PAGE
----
1. Pernille F Rønn1,2,
  2. Gregers S Andersen1,
  3. Torsten Lauritzen3,
  4. Dirk L Christensen1,4,
  5. Mette Aadahl5,6,
  6. Bendix Carstensen1,
  7. Marit E Jørgensen1,7
  1. 1Steno Diabetes Center, Gentofte, Denmark
  2. 2Department of Public Health, Centre for Arctic Health, Aarhus University, Aarhus, Denmark
  3. 3Department of Public Health, General Practice, Aarhus University, Aarhus, Denmark
  4. 4Department of Public Health, Global Health Section, University of Copenhagen, Copenhagen, Denmark
  5. 5Research Centre for Prevention and Health, the Capital Region of Denmark, Glostrup, Denmark
  6. 6Department of Public Health, Section of Health Services Research, University of Copenhagen, Copenhagen, Denmark
  7. 7National Institute of Public Health, University of Southern Denmark, Copenhagen, Denmark
  1. Correspondence to Pernille F Rønn, Steno Diabetes Center, Niels Steensens Vej 2-4, NSK 2.12, Gentofte DK-2820, Denmark; pernille.falberg.roenn{at}regionh.dk

Abstract

Background Ethnic variation in abdominal fat distribution may explain differences in cardiometabolic risk between populations. However, the ability of anthropometric measures to quantify abdominal fat is not clearly understood across ethnic groups. The aim of this study was to investigate the associations between anthropometric measures and visceral (VAT) and subcutaneous abdominal adipose tissue (SAT) in Inuit, Africans and Europeans.

Methods We combined cross-sectional data from 3 studies conducted in Greenland, Kenya and Denmark using similar methodology. A total of 5275 individuals (3083 Inuit, 1397 Africans and 795 Europeans) aged 17–95 years with measures of anthropometry and ultrasonography of abdominal fat were included in the study. Multiple regression models with fractional polynomials were used to analyse VAT and SAT as functions of body mass index (BMI), waist circumference, waist-to-hip ratio, waist-to-height ratio and body fat percentage.

Results The associations between conventional anthropometric measures and abdominal fat distribution varied by ethnicity in almost all models. Europeans had the highest levels of VAT in adjusted analyses and Africans the lowest with ethnic differences most apparent at higher levels of the anthropometric measures. Similar ethnic differences were seen in the associations with SAT for a given anthropometric measure.

Conclusions Conventional anthropometric measures like BMI and waist circumference do not reflect the same amount of VAT and SAT across ethnic groups. Thus, the obesity level at which Inuit and Africans are at increased cardiometabolic risk is likely to differ from that of Europeans.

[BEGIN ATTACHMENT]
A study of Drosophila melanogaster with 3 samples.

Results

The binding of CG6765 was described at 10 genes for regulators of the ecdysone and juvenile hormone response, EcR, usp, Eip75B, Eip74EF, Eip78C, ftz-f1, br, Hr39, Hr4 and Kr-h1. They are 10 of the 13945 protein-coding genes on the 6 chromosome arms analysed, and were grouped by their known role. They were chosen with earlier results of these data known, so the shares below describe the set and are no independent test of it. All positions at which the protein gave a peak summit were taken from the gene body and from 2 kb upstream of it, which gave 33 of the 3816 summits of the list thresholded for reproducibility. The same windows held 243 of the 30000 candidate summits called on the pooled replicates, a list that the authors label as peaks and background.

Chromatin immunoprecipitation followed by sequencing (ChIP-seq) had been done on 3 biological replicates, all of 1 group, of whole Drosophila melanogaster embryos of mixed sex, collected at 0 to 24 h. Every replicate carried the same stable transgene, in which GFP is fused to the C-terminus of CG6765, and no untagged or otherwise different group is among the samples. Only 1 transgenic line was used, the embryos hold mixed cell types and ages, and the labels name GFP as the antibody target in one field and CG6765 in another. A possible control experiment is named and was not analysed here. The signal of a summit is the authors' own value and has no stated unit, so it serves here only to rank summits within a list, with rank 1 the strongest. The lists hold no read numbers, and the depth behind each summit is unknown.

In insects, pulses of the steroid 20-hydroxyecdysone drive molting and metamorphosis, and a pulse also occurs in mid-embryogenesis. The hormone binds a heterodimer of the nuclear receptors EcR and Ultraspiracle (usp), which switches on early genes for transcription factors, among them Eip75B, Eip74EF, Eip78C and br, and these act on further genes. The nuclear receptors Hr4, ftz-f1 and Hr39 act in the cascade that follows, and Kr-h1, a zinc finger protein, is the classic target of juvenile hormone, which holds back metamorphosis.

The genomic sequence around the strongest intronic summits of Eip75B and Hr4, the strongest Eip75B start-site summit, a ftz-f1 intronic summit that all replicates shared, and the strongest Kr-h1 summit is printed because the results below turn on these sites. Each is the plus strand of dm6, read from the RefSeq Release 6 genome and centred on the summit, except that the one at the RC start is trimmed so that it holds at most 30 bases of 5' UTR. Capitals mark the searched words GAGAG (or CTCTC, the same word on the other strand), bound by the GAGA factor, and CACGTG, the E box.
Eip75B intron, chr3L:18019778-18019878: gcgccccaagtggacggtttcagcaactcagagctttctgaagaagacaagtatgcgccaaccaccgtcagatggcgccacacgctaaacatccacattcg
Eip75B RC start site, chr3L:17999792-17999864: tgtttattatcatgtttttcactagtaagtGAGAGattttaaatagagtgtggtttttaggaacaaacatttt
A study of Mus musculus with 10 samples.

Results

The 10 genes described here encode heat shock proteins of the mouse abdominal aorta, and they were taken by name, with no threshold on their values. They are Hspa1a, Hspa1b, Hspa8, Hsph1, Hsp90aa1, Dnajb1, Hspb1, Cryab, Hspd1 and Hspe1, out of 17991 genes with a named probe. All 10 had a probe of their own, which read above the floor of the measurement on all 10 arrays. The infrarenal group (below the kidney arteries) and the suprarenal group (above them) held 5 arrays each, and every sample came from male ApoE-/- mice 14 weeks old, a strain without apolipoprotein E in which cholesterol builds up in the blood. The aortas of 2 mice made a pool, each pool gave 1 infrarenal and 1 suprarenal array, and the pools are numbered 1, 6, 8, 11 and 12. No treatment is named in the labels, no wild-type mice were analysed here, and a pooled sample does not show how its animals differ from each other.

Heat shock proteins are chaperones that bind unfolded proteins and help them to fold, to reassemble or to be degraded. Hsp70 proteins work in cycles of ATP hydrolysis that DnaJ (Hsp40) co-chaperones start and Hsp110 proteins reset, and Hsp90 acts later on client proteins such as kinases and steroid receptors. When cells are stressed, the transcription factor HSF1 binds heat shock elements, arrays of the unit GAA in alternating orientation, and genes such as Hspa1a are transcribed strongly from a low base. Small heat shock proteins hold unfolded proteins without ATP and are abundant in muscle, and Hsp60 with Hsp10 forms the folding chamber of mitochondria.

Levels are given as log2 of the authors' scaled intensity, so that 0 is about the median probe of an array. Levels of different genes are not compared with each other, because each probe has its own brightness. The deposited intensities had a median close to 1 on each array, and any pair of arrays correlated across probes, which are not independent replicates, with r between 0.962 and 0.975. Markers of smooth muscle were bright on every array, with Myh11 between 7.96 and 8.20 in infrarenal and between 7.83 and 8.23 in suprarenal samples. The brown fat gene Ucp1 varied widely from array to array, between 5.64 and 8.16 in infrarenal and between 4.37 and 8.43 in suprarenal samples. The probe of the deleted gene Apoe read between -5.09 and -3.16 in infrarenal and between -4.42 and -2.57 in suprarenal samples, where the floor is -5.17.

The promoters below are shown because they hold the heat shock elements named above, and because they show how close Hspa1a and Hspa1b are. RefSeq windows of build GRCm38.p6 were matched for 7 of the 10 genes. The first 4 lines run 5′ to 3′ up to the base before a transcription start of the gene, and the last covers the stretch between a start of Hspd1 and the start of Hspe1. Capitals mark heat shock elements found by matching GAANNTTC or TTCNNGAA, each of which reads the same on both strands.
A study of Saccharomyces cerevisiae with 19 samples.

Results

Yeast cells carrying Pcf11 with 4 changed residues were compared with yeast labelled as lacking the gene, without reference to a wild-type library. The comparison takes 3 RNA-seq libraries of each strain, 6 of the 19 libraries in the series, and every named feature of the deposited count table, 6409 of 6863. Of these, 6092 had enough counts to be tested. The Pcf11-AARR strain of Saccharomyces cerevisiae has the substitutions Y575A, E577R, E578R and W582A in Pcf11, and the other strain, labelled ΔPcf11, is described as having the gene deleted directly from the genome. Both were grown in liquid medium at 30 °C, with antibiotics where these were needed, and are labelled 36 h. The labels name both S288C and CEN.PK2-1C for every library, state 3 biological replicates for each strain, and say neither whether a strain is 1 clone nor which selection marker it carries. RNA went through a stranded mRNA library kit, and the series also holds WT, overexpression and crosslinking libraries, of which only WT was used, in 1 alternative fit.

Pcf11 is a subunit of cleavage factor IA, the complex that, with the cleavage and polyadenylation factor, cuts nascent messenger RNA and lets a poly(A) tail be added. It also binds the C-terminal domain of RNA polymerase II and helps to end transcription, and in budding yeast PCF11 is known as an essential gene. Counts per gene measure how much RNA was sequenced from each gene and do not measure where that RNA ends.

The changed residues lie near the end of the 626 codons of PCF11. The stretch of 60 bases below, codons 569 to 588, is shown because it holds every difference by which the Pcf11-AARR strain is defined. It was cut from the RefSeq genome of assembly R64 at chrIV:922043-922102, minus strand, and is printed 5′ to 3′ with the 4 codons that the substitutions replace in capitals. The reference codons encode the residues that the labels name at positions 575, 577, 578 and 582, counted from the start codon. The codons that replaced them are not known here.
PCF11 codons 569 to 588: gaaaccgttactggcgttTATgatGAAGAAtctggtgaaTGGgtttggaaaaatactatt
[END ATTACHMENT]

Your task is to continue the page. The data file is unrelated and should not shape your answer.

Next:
• ETHNICITY
  • OBESITY
  • EPIDEMIOLOGY
  • INTERNATIONAL HLTH


  • Twitter Follow Gregers Andersen @gregersandersen

  • Contributors MEJ, DLC and MA designed the studies and collected data; PFR and BC analysed the data; PFR wrote the paper; MA, TL, MEJ, DLC and GSA contributed to interpretation of results and edited the paper; PFR had primary responsibility for the final content. All authors read and approved the final manuscript.

  • Funding The Inuit Health in Transition (IHIT) Study was supported by Karen Elise Jensen's Foundation, NunaFonden, Medical Research Council of Denmark, Medical Research Council of Greenland, and the Commission for Scientific Research in Greenland. Health2008 was supported by the Timber Merchant Vilhelm Bang's Foundation, the Danish Heart Foundation and the Health Insurance Foundation. The Kenya Diabetes Study was supported by DANIDA, Cluster of International Health (University of Copenhagen), Steno Diabetes Center, Beckett Foundation, Dagmar Marshall Foundation, Dr Thorvald Madsen's Grant, Kong Christian den Tiende's Foundation and Brdr. Hartmann Foundation. PFR was funded by the Centre for Arctic Health (Aarhus University).

  • Competing interests None declared.

  • Ethics approval Ethical Review Committee for Greenland, the National Ethical Review Committee in Kenya, the Danish National Committee on Biomedical Research Ethics in Denmark, Ethics Committee of the Copenhagen Region.

  • Provenance and peer review Not commissioned; externally peer reviewed.